No one really expected the bipartisan compromise reform bill that President Bush, Ted Kennedy and their allies assembled in the Senate to fix immigration.
The now-derailed "grand bargain" -- which most conservatives hated -- was, as Rudy Giuliani said, "a typical Washington mess."
It mixed a bunch of tougher border security measures and employer sanctions that would never be enforced with a bunch of drawn-out legal steps that would slowly but surely have provided amnesty for the up to 20 million illegal immigrants trespassing among us.
All of which begs the depressing question: Can we ever hope to develop a rational, humane, win-win immigration system that will allow millions of foreigners to come here to work or live (permanently or temporarily) without wrecking our economy or culture?
Yes, says journalist-economist Philippe Legrain. He's the author of a soon-to-be published book, "Immigrants: Your Country Needs Them," which contends that rich countries and poor countries both benefit if more immigrant workers -- even uneducated or low-skilled ones -- are allowed to move more freely across national borders.
He's concerned about moral and pragmatic issues, but his main argument is a fundamental economic one: We live in a global economy. We are all made better off when capital, goods and information circulate freely among advanced and underdeveloped nations. We'd also all benefit if human labor -- high-skilled and low-skilled -- could flow across international borders with the same ease.
It sounds shocking. But as Legrain shows, human migration from poor countries to rich countries is an old, growing and virtually unstoppable global phenomenon.
In the U.S. today, 1 in 8 people are foreign-born immigrants -- legal and illegal. But Germany’s ratio also is 1 in 8. Canada’s is 1 in 5. Australia's and Switzerland’s are 1 in 4. The EU has at least 8 million illegal immigrants. Perhaps 400 million earthlings do not reside in their country of birth.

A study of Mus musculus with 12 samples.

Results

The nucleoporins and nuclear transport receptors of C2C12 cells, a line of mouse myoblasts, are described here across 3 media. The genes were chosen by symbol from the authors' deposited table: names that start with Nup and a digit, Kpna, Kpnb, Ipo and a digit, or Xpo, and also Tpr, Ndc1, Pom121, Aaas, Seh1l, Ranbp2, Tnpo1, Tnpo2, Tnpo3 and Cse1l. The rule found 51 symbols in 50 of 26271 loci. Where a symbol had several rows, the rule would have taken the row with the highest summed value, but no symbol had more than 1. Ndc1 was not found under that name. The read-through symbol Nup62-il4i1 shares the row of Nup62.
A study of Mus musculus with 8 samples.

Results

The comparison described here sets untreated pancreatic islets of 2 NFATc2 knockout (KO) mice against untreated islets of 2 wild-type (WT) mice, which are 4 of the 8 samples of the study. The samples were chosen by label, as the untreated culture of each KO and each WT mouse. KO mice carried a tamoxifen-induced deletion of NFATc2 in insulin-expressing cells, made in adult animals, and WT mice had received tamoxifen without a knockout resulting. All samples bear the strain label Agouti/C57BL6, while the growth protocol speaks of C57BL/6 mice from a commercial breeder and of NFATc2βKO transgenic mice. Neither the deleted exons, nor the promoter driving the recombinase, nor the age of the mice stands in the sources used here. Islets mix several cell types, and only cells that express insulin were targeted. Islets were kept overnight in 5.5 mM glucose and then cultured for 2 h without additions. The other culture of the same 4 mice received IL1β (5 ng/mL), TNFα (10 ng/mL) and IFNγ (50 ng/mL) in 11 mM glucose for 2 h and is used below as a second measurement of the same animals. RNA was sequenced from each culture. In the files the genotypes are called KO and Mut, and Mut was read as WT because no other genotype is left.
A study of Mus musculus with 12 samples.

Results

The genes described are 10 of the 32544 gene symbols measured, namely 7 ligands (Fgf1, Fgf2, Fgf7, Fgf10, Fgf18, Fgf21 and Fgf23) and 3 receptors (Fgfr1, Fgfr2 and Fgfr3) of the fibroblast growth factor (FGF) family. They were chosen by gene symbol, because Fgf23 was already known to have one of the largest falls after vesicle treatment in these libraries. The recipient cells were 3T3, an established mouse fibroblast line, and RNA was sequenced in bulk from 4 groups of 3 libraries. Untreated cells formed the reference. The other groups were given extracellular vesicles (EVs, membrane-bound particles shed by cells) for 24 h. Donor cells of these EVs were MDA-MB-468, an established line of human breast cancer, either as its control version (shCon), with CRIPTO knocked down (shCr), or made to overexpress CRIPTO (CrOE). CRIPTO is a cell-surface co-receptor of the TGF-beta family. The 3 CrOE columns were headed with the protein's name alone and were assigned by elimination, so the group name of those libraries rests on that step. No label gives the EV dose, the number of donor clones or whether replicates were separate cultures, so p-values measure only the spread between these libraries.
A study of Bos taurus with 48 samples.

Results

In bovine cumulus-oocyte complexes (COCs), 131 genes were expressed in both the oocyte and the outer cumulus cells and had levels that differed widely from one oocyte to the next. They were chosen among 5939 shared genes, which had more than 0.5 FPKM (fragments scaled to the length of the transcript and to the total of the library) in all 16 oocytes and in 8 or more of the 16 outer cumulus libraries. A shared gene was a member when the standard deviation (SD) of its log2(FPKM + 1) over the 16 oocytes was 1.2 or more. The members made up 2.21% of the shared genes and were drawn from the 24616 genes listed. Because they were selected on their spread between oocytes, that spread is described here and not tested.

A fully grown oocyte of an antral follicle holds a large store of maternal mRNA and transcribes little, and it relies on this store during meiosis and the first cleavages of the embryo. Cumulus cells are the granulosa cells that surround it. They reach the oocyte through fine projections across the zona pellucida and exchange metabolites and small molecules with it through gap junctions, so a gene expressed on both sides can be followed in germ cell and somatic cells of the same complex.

Legrain concludes that we -- i.e., the rich, aging, depopulating countries of the West to -- need the poorest immigrants as much as they need us. He contends that despite the well-documented short-term costs imposed by immigrants, they are a net long-term economic plus (as America and other countries prove).
Legrain argues that putting up fences doesn't work and only hurts people and distorts labor markets. Ideally -- or surreally, if you prefer -- he believes “it would be best if our borders were completely open.” In the real world, he says immigration should be lightly regulated so that the free market -- not bureaucrats and politicians -- can satisfy the shifting international demands and supplies of labor.
That trust in laissez-faire capitalism may sound naive. But as Legrain points out, since 2004 Great Britain has completely opened its borders to the 75 million people living in Poland and seven other poorer East European countries. Immigrants can now freely fly to London and start businesses or seek work at wages five times higher than they can get at home. Nearly 1 million workers have done just that.
Legrain is brave to push the provocative idea of allowing a free global market in working people. But even he doesn't touch the biggest American immigration dilemma -- what to do about the tens of millions of illegals now here. He's apparently leaving that job up to the next president and his/her allies in Congress.